JetBlue Airways said on Friday that it might back out of a $3.8 billion acquisition of Spirit Airlines after a federal judge blocked the deal.
The announcement came just a week after JetBlue and Spirit had said they would appeal the decision, which was made in an antitrust case brought by the Justice Department.
In a regulatory filing on Friday, JetBlue said the deal could be terminated after Sunday if certain conditions weren’t met. Spirit said in its own filing that it disagreed with JetBlue and believed “there is no basis for terminating” the deal.
A federal judge in Boston blocked the proposed merger on Jan. 16, ruling that Spirit plays an important role in keeping airline fares low and that a takeover by JetBlue would hurt travelers. The ruling was a win for the Justice Department, which under President Biden has sought to limit corporate consolidation across the economy.
The agreement has an expiration date of Jan. 28, and if certain conditions are met that date is automatically extended to July 24. JetBlue appears to be arguing that Spirit has not met its end of the bargain, allowing JetBlue to walk away from the deal on or after Sunday.
As part of the merger agreement, JetBlue agreed to pay Spirit and its shareholders a combined $470 million if regulators blocked the deal.
Some legal experts said JetBlue’s filing on Friday suggested that the company might ultimately seek to dispute the $470 million breakup fee. That fee was instrumental in getting Spirit to agree to JetBlue’s offer and walk away from a proposed deal with Frontier Airlines.
“Basically, JetBlue gambled,” said Dylan Carson, a former antitrust lawyer at the Justice Department who is now at the law firm Manatt, Phelps & Phillips.
Spirit is sure to contest in court any effort by JetBlue to avoid paying the breakup fee.
Some antitrust lawyers said JetBlue appeared to have determined that an appeal of the federal judge’s ruling would be costly and time-consuming and might well fail.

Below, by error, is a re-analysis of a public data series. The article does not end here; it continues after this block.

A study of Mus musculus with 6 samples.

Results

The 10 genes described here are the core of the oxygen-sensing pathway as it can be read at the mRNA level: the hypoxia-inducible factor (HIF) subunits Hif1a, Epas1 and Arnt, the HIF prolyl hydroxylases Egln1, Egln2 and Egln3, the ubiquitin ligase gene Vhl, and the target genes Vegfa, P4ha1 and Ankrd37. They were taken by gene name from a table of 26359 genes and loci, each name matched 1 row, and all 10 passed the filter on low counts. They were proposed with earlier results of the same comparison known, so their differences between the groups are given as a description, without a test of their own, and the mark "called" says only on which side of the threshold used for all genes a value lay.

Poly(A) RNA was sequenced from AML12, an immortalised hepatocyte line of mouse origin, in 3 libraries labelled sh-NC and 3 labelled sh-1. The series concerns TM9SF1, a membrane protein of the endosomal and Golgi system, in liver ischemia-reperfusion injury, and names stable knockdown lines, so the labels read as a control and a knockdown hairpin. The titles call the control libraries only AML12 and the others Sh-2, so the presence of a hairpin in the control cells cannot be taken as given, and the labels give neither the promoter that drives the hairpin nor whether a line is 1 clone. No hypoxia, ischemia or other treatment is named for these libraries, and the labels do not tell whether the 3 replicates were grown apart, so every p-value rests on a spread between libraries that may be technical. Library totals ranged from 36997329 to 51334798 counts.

“It certainly seems like at this point at least this antitrust division is done letting airline mergers go through unchallenged,” said Dan McCuaig, a former antitrust trial lawyer at the Justice Department who is now a partner at the law firm Cohen Milstein.
Spirit’s share price tumbled about 10 percent on Friday afternoon. Its stock has lost more than half its value since the deal was blocked because investors are worried about its prospects as a stand-alone business. Spirit is not profitable and is carrying a lot of debt. The airline has also been forced to ground some of its jets because of an engine problem.
The share price of JetBlue, which could save billions of dollars by not pursuing an appeal and going through with the deal, was up about 3 percent Friday afternoon.
Jonnathan Handshoe, an airline analyst for CFRA Research, noted that the merger is in jeopardy at a tumultuous time for the industry. Even as customers have spent more on travel over the past year, the price of fuel and labor have gone up and regulators are scrutinizing Boeing and limiting the plane manufacturer’s ability to expand production after a panel blew off a 737 Max 9 jet during an Alaska Airlines flight this month.
“Given the filing today, we think JetBlue is going to focus on its own future,” Mr. Handshoe said.